IRS Issues Proposed Rules on Battery Content for Clean Vehicle Tax Credits
The IRS has published proposed rules addressing the specific requirements for new clean vehicles to qualify for clean vehicle tax credit enacted as part of the Inflation Reduction Act (IRA).
The tax credit includes domestic content requirements relating to the amount of critical minerals and battery components. A taxpayer may claim a $3,750 credit for a vehicle that meets the requirements relating to critical minerals and $3,750 if the vehicle meets the requirements for battery components, up to a maximum credit of $7,500 per vehicle.
Critical minerals used in car batteries are required to be extracted or processed in the United States or in “any country with which the United States had a free trade agreement in effect.”
The applicable percentage requirements for critical minerals used in batteries are outlined in Section 30D(e)(1)(B) with increments going up by 10 percent each tax year. For vehicles placed into service during calendar year 2024, the critical mineral requirement is 50 percent. By 2027, the percentage increases to 80 percent.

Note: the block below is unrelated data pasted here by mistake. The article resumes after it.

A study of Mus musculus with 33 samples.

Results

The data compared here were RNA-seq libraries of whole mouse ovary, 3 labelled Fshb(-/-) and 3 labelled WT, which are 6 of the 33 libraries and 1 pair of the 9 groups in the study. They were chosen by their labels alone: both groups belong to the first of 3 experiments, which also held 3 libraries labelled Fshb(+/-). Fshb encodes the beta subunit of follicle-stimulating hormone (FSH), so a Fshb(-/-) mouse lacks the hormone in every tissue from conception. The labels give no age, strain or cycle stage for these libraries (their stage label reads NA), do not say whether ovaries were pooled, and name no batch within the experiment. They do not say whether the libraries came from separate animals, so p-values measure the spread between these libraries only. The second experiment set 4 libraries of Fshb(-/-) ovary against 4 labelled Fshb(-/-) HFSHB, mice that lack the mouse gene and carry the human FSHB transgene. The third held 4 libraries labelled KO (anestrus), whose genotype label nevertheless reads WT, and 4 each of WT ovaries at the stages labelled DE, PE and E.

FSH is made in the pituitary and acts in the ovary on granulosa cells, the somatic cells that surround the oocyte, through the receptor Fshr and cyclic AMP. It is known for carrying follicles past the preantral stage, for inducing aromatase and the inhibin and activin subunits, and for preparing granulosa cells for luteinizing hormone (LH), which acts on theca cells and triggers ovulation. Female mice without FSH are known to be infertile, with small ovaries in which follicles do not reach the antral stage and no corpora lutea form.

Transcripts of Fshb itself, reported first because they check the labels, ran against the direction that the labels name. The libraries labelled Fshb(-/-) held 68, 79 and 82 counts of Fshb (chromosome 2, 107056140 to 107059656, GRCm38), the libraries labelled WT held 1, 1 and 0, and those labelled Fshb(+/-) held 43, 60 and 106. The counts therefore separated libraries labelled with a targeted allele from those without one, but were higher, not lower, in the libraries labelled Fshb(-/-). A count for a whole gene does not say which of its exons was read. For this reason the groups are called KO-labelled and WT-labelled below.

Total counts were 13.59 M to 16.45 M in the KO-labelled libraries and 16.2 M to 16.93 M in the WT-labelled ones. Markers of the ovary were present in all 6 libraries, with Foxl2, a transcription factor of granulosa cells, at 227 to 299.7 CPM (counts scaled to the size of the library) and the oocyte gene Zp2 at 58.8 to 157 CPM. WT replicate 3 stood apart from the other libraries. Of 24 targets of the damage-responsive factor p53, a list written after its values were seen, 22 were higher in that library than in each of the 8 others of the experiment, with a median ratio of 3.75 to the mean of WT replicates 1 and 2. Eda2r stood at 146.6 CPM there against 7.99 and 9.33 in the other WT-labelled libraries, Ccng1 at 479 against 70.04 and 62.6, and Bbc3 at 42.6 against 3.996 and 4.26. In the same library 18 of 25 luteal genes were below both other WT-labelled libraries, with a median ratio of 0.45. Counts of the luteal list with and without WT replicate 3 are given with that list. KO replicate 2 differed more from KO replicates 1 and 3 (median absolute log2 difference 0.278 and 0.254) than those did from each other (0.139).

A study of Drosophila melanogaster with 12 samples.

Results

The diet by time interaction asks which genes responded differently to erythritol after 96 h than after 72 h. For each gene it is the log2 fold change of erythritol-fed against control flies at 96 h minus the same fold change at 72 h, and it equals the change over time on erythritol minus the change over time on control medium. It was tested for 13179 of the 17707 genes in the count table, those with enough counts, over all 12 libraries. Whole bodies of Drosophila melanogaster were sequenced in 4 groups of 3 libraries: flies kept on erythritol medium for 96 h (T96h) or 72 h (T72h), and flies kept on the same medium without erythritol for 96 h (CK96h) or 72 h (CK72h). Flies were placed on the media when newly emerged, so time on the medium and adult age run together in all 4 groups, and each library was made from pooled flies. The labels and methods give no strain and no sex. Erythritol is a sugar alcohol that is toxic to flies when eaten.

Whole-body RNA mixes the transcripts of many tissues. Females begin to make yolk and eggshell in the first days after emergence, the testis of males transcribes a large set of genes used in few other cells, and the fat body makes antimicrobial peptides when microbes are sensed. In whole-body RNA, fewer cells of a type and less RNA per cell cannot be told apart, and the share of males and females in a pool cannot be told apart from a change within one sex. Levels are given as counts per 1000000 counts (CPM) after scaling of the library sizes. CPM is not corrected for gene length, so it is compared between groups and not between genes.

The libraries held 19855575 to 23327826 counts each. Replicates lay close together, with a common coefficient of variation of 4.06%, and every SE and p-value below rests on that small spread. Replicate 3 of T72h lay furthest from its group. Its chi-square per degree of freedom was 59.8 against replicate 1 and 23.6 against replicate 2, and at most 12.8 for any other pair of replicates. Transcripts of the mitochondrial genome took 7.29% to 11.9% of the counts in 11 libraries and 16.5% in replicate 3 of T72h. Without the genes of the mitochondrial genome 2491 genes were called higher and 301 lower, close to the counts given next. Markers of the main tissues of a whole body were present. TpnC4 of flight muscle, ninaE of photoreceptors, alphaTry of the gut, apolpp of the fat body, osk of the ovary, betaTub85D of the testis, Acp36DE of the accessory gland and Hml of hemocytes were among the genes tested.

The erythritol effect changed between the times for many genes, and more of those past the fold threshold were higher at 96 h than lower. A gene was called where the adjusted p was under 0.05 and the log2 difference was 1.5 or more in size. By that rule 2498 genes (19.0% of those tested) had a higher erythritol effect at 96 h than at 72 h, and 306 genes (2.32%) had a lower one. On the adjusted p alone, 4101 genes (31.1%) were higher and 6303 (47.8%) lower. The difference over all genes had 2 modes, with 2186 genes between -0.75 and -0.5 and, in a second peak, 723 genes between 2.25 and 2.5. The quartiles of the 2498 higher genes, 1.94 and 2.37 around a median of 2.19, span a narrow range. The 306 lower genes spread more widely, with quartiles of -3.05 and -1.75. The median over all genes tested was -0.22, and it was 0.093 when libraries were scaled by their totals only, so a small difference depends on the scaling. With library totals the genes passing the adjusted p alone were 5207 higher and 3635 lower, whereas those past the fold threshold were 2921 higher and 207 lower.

The IRA placed origin requirements on battery components in section 30D(e)(2). To receive the clean vehicle credit, manufacturers must ensure that a certain percentage of battery components must be manufactured or assembled in North America. For vehicles placed into service before January 2024, the requirement is 50 percent. The percentage rises to 100 percent for vehicles placed into service after December 31, 2028.
The IRS is currently accepting comments on the proposed rules.